For parents of kids with special needs, navigating the waters of financial planning can be daunting. There’s no comprehensive playbook to understand the ins and outs of government benefits, planning for and covering long-term care costs, and making the most of a birth injury settlement. And just as every child has different needs, there is no one-size-fits-all approach to future planning – making the whole process seem like a big puzzle. But certain nonprofits offer families a useful tool called a pooled special needs trust to help them plan for the road ahead.
Pooled trusts are exactly what they sound like: trusts that include resources pooled together from multiple individuals. They are always operated by nonprofit organizations. Each beneficiary has his or her own individual account within the fund. A trustee is appointed by the nonprofit that operates that particular pooled special needs trust, and he or she can administer the funds in each beneficiary’s account pursuant to the details in the individual’s trust agreement. So, the beneficiary’s family will not have to worry about things such as tax planning regarding the trust, investing the funds, or upsetting benefit plans.
It may be unclear at first glance why someone would elect to set up a pooled special needs trust over an individual special needs trust. After all, both types work to ensure a person remains eligible for government benefits such as SSI and Medicaid (since the threshold of monthly income to keep eligibility for benefits is relatively low, it can be easy to become disqualified after receiving a large sum of money like a settlement). However, money in both individual special needs trusts and pooled special needs trusts doesn’t count toward a beneficiary’s income, because it pays for things government benefits do not cover – like a home, a car, and educational expenses. So, a child who is about to receive more income can keep benefits coming in. But it’s not just the pool configuration and appointment of a trustee by a nonprofit that differentiates a pooled trust. One of the main reasons that families choose a pooled trust is cost. Setting up an individual trust requires a trust attorney, whereas to join a pooled special needs trust, a family only needs to sign a joinder agreement – no attorney fee required. By taking that avenue, startup costs shrink from several thousand dollars to just several hundred. This is especially helpful to beneficiaries who will receive a relatively small settlement; an individual special needs trust might be the right answer for a person who will receive $500,000, whereas the savings in setup associated with a pooled trust could be more helpful to someone receiving an amount lower than $100,000.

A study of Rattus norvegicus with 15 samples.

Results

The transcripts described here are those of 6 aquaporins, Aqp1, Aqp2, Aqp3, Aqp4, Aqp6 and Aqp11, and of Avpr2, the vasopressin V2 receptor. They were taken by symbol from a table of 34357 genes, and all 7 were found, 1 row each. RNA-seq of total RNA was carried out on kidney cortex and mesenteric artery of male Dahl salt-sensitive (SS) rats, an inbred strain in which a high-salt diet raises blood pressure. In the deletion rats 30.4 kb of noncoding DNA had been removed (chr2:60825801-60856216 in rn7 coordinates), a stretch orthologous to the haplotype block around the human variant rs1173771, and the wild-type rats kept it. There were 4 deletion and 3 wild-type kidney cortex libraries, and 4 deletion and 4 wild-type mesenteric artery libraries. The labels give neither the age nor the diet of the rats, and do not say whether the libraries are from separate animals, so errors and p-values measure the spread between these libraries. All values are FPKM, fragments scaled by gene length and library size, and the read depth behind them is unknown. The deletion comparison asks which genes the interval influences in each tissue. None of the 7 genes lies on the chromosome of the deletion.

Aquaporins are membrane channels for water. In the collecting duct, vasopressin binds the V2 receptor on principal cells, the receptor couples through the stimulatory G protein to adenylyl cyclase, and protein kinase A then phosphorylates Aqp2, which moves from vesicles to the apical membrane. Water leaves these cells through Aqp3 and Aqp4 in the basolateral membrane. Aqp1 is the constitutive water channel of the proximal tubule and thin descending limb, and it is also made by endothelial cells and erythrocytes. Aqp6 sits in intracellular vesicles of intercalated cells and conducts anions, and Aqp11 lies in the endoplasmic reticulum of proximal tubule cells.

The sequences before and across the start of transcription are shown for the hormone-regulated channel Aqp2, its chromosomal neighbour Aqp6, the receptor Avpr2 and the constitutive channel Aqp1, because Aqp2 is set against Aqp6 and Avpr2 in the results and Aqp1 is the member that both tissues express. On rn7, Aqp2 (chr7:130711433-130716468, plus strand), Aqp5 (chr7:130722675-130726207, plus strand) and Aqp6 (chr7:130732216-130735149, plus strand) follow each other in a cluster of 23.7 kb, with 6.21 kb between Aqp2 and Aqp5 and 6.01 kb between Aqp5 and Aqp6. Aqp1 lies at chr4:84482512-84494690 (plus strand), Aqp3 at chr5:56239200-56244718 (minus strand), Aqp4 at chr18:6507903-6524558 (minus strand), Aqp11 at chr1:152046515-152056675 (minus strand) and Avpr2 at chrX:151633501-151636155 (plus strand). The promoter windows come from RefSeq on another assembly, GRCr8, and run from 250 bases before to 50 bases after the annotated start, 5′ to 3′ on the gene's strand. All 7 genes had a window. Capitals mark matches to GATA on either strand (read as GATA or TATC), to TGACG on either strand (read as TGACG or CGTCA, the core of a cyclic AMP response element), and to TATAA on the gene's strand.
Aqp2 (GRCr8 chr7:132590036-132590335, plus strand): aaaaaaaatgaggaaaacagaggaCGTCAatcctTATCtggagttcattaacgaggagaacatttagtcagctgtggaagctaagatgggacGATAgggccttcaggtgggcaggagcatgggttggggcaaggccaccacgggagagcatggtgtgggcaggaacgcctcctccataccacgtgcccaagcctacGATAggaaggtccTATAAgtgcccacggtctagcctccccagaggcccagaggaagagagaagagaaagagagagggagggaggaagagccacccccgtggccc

A pooled trust isn’t the right answer for everyone, and there’s more to know about them when you’re caring for someone with special needs – way more than I can explain in this newsletter. I welcome you to message me or contact my team for further discussion.
A West Point graduate where he served as captain and military aviator, John Bair continues his commitment to our country through his efforts within the settlement planning industry. He has represented families of victims lost in the Flight 3407 crash, offered pro bono services to the families of 9/11 victims and drafted the first consumer protection bill for plaintiffs (H.R. 3699).